The Master Promissory Note

The Master Promissory Note is a legal document that describes your rights and responsibilities. Be sure to understand it before signing.

 


The Master Promissory Note describes borrower rights and responsibilities, including the terms and conditions of the loan, repayment schedule, interest rate, and the deferment/cancellation policies. Even though much of the "prom note" is legalese, it's extremely important to be familiar with the terms of your Master Promissory Note. By signing it, you not only agree to repay the money you borrow, but you also agree to all terms and conditions included. If you have any uncertainty or questions about any of the terms or conditions, you can visit studentloans.gov for more information about the promissory note. Remember that all federal education loans (Direct and Direct PLUS) are lent by the federal government, not by private lenders.

Once you sign your Master Promissory Note, a new one is not required for any new loans.

After signing your Master Promissory Note, you should direct all loan questions to the loan servicer, not your financial aid office. The servicer will provide a customer service phone number and website address.

Your Rights

If you were to review your Master Promissory Note, you would see that you have a number of borrower rights. While these rights will vary for non-governmental loans, federal loan borrowers are entitled to the following rights:

  • The right to prepay any loan (including Direct, Perkins, Direct PLUS or consolidation loans) without penalty. At any time, including while attending school, borrowers are able to either make payments towards the loans or pay more than what is required.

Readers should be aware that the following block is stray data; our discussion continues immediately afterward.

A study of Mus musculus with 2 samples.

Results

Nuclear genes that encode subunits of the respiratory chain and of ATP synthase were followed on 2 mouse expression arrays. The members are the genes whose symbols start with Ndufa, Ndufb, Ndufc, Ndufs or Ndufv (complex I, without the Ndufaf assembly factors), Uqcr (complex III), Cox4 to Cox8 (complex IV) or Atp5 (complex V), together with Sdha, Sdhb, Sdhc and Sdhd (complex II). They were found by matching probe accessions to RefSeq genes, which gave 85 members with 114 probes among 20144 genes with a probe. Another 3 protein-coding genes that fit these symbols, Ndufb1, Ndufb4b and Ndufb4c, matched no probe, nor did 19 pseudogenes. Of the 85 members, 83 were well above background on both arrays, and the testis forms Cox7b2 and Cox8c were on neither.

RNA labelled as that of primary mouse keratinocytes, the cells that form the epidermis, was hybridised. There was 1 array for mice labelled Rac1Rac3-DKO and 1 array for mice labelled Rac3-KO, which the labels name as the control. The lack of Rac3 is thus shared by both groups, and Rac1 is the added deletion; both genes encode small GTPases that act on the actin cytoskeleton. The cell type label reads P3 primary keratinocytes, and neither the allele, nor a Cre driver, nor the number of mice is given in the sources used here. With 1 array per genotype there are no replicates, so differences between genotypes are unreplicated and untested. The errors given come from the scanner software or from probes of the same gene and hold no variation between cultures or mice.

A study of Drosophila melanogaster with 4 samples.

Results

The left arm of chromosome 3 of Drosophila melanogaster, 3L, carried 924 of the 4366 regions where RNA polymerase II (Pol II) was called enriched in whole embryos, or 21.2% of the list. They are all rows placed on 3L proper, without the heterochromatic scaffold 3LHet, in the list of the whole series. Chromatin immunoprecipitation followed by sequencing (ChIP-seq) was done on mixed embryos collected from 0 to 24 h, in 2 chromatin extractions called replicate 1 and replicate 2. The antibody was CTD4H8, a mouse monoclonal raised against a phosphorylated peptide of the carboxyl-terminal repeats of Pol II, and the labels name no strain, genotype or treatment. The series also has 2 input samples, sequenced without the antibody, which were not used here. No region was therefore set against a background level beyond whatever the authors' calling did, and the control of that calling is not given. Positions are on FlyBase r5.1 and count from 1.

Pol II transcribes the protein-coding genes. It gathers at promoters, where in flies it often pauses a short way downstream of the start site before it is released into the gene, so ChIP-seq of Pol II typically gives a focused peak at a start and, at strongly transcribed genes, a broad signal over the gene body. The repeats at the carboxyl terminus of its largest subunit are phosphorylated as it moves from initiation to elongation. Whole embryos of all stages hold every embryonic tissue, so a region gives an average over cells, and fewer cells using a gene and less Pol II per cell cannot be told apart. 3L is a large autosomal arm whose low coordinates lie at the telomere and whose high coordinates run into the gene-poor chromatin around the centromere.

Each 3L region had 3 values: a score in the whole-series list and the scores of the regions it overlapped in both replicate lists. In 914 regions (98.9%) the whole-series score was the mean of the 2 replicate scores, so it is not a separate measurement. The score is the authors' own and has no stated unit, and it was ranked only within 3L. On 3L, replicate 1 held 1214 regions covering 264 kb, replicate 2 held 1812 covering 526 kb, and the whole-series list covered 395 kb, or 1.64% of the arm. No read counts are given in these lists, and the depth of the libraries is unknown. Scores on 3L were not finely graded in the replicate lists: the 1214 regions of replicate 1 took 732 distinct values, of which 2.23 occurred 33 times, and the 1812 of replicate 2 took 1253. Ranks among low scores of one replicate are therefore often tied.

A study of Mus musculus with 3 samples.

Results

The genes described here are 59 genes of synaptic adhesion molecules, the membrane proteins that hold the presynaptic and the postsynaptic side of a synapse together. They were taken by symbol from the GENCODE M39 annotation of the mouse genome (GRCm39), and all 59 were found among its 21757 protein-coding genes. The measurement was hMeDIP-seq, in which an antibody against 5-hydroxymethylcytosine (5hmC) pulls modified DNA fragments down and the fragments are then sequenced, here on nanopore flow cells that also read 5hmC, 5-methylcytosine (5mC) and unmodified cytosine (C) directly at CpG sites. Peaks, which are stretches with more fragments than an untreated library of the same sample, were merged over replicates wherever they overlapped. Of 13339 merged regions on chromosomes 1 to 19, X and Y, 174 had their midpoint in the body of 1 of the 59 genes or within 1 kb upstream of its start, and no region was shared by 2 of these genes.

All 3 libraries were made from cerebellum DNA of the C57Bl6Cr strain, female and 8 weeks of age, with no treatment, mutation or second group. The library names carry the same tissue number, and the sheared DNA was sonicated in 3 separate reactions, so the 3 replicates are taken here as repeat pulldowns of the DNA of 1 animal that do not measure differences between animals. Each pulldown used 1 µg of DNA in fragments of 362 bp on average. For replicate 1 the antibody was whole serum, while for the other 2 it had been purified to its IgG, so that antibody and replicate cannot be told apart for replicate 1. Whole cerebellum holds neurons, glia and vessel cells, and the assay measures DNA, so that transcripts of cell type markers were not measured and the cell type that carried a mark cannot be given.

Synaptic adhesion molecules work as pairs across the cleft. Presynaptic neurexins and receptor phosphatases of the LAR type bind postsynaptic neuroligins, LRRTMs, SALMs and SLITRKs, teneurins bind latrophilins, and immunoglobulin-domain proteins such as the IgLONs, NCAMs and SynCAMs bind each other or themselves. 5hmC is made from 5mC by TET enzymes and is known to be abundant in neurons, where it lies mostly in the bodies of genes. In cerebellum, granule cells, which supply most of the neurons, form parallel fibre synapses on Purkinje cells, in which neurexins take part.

• The right to request a copy of the MPN.

  • The right to request that the repayment plan be changed.

  • The right to request that the lender reduce or postpone payment through deferment or forbearance. Additionally, without requesting, the lender will automatically provide grace and interest subsidies on the appropriate loans.

If there are any questions about these rights, contact your loan servicer.

Your Responsibilities

The Master Promissory Note details borrower rights as well as responsibilities, and to sum it up: a borrower's primary responsibility is to pay loans back and pay them back on time.

Payments are required whether you receive a statement or not - so be sure to notify your servicer (or servicers) when your address changes. If you forget, they will still expect an on-time payment. There are no excuses for missed payments, and missed payments may harm your credit and possibly lead to higher interest rates on some loans.

The repayment of your student loans is a serious obligation. Payment is still required:

  • Whether or not you complete your program or complete it in the expected amount of time.

  • Whether or not you feel satisfied with your education experience.

  • Whether or not you are satisfied with the school's programs and services.

  • Whether or not you received the purchased program or services.

  • Whether or not you are able to obtain employment.

Stated simply - your student loans must be repaid.